AstraZeneca releases updated efficacy data for its COVID-19 vaccine following scrutiny; Rachel Levine, MD, is confirmed as the first openly transgender person to serve in a federal position; hundreds of migrant children remain in isolation after testing positive for COVID-19.
After the Data Safety Monitoring Board (DSMB) questioned data released by AstraZeneca on its experimental COVID-19 vaccine, the company announced that analyses of more data show the vaccine is 76% effective at preventing symptomatic COVID-19, the Associated Press reports. That number is slightly less than the previously reported 79% efficacy announced earlier in the week. The DSMB expressed concerns that the company may have released outdated information on the trial that would provide an incomplete overview of the efficacy data. Some experts claimed the newly released data were reassuring and will likely serve as a stepping stone for US regulators to authorize the vaccine.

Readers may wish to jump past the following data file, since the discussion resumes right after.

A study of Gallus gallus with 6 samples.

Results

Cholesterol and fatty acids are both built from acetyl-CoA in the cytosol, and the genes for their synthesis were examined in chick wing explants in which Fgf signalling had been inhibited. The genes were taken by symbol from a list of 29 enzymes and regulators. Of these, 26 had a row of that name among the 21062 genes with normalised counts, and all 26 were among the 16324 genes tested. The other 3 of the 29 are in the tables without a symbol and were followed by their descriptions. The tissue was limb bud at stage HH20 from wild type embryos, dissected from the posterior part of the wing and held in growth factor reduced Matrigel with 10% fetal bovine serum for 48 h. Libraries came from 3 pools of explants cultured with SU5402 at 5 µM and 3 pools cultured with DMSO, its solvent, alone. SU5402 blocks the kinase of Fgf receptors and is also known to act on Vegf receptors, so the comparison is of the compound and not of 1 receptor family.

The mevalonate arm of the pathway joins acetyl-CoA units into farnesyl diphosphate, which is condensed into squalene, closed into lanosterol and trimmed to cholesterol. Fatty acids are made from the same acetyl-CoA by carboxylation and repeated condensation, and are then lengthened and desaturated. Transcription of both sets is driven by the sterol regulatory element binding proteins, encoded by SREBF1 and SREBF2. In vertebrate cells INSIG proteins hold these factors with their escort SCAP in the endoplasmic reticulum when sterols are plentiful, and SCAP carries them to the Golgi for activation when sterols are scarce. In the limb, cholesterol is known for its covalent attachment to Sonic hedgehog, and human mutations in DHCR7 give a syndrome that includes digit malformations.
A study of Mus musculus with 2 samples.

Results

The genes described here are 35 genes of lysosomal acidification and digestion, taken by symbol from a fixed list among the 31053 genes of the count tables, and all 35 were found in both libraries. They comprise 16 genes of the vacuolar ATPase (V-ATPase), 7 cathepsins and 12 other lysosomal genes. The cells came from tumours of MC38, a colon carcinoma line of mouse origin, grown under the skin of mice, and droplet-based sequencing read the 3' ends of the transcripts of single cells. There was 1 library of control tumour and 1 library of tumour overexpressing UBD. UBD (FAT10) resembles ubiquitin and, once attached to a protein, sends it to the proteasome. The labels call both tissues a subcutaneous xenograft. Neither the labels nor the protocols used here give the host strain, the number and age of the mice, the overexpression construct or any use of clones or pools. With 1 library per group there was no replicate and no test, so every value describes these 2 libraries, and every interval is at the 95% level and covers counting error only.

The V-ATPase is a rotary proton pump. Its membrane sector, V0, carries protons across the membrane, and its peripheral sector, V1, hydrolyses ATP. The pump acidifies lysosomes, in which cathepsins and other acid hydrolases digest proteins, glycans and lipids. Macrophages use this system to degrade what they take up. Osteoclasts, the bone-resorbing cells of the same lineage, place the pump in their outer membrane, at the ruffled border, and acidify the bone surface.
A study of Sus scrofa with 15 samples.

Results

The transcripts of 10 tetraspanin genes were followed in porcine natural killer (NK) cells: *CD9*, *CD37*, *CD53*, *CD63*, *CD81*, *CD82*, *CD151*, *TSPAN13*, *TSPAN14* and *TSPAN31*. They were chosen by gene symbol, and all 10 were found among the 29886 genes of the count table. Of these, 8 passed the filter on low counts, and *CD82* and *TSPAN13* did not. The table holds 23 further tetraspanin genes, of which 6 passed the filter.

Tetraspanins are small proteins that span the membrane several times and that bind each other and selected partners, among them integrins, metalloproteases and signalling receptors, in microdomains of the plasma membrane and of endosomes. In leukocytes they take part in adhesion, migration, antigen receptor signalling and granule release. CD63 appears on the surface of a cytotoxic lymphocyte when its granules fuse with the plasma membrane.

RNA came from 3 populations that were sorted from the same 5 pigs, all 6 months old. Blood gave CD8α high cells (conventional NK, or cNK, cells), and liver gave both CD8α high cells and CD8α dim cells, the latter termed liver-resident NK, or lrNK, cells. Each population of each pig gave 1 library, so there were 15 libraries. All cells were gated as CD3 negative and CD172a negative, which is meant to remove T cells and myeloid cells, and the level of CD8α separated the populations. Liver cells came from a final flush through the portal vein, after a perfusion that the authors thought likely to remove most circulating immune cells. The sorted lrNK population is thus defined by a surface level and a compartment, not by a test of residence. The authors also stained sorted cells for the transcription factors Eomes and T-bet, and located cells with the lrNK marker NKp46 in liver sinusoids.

Rachel Levine, MD, has been confirmed by the Senate to be HHS’ assistant health secretary, making her the first openly transgender person confirmed to a federal position, The New York Times reports. Upon her confirmation, Levine vowed to promote policies advancing the health of all Americans and fight for transgender youth. Transgender adolescents attempt suicide at a much higher rate than youths whose gender identity matches the sex listed on their birth certificates. Levine was confirmed in a 52-48 vote, with Republican senators Lisa Murkowski of Alaska and Susan Collins of Maine crossing party lines to endorse the candidate.
Hundreds of migrant children detained at the United States–Mexico border have tested positive for COVID-19, according to The Hill. HHS data show there have been nearly 3000 lab-confirmed COVID-19 tests recorded among unaccompanied children since March 2020, and 2587 of that total have since recovered and moved out of medical isolation. Currently, 319 children remain in isolation due to a positive COVID-19 test while over 11,500 unaccompanied youths are in HHS shelters. The agency also currently runs more than 200 facilities in 22 states.